May 2014 - Israel

On the third day the gates flung opened and we were allowed slightly closer to the last monumentally significant part of the Old City: Temple Mount and the Dome of the Rock.

History makes every step you make on the Temple Mount ring a small bell inside you. Even the sign above the entrance reminding people that it is against Torah law to set foot on the Temple Mount echos what once existed here some 2000 years ago and its holiness. It is facinating to no end, the centre, the source (so to speak) of the biblical world, the Holiest of Holies.

It is this history that is insurmountable, binding these religions together to a single focal point and all the tensions that exist between them.

Security is well prepared at firing quick questions at you. Where are you from? Who are you here with? And then when you finally pass the check you are greeted with riot shields, all stacked like a marathon water station ready to go at a moment's notice.

Non-Muslims are not allowed to enter the Dome of the Rock, so instead you are to appreciate the grounds and the intricate exterior along with all the security officers roaming around. With my top button done up, shielding this holy place from an extra inch of my skin we strolled around, watching the people from the fellow tourists to groups of Muslim women huddled in the shadows of the Dome of the Rock.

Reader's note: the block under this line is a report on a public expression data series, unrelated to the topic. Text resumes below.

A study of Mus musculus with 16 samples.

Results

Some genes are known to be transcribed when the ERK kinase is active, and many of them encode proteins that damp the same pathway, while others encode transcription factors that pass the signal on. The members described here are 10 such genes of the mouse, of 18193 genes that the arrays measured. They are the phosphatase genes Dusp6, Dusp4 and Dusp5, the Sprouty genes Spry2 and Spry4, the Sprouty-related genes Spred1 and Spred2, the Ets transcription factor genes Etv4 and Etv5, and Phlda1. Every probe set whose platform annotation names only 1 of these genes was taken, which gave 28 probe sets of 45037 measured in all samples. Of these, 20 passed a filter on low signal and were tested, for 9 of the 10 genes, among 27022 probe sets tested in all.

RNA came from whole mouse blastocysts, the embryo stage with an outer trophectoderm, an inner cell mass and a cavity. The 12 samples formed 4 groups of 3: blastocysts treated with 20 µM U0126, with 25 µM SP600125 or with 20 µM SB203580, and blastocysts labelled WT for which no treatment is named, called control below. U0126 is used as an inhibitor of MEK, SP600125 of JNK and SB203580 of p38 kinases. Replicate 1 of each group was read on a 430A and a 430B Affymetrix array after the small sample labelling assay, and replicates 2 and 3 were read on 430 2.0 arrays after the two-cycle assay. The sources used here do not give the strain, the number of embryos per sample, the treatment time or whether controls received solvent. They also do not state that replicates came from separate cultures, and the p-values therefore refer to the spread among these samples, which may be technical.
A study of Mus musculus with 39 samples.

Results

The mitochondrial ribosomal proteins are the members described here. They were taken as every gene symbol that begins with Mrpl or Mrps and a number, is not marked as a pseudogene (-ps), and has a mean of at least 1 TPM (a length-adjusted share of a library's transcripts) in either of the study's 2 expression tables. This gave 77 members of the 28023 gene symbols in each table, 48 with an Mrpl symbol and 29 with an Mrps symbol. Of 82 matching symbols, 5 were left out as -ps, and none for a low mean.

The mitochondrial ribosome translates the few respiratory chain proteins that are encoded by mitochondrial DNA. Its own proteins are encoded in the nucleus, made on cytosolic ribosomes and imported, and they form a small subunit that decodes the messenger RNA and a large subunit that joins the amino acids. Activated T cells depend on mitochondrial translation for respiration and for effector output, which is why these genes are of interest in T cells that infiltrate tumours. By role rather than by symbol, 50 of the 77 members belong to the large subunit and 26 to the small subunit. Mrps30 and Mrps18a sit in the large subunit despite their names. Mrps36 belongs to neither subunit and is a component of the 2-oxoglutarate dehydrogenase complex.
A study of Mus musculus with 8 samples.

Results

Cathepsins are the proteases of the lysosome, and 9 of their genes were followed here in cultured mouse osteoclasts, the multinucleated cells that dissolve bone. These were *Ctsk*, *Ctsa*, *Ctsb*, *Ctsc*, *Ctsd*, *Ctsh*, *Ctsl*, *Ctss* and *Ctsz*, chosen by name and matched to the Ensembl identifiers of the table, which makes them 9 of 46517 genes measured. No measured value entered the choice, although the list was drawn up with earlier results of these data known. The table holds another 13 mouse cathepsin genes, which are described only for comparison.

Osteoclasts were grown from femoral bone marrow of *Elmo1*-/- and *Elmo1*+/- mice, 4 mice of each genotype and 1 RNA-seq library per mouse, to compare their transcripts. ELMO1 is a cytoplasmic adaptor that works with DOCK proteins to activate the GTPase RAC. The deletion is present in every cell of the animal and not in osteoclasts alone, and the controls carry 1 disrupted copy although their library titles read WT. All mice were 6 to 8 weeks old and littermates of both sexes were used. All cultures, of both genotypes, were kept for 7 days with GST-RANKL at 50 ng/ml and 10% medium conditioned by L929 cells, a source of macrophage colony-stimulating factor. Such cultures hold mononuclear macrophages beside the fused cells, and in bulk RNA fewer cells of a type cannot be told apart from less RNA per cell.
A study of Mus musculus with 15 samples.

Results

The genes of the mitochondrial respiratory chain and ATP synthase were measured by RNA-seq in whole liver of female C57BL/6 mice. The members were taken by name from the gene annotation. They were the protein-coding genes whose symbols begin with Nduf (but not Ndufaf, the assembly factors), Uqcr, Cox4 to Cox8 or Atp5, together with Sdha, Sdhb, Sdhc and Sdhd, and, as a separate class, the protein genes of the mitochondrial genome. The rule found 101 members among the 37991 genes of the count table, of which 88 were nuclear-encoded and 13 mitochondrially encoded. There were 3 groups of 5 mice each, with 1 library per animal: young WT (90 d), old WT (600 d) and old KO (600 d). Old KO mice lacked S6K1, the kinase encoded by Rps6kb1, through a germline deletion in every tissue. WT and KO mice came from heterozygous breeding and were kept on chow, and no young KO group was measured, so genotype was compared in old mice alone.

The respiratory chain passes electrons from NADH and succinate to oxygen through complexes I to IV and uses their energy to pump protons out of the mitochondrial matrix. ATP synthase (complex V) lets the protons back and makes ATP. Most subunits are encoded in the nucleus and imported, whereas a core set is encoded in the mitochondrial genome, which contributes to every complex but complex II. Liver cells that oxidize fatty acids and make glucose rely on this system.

In life outside Temple Mount, also known as the afternoon, it is easy to forget that museums like to close on a random day of the week. Unfortunately for us that day was today and we found ourselves out at The Israel Museum five hours before it would open. I highly recommend a brief curse; followed by lunch in the cafe at the museum and a dip in the Hotel pool. It may have been a last day #fail but we covered it well.

And when we finally did gain entry to this great museum we spent much of our time looking at this:

A scaled version of the old city of Jerusalem in the time of kings, prophets and men. That large structure in the front of the picture is Temple Mount.

But the far more famous relics in this museum are these really old scrolls that were found in a cave a couple of thousand years after they were written. I am of course talking about the Dead Sea Scrolls. A lot of what you see on display in the museum's purpose built structure are copies that have been pieced together and translated for your viewing pleasure, although there are small pieces of the original scroll. It's interesting enough, just remember that there is more to this museum than these scrolls, go forth and find many other treasures like the oldest recorded masks on display.

They clearly wanted to ward-off angry spirits; these were not happy masks.

And like all good trips we come to the last supper, the last dinner of the holiday. It was befitting that it be filled with meat and hummus since I am certain when looking back on this trip that is the only food I will remember.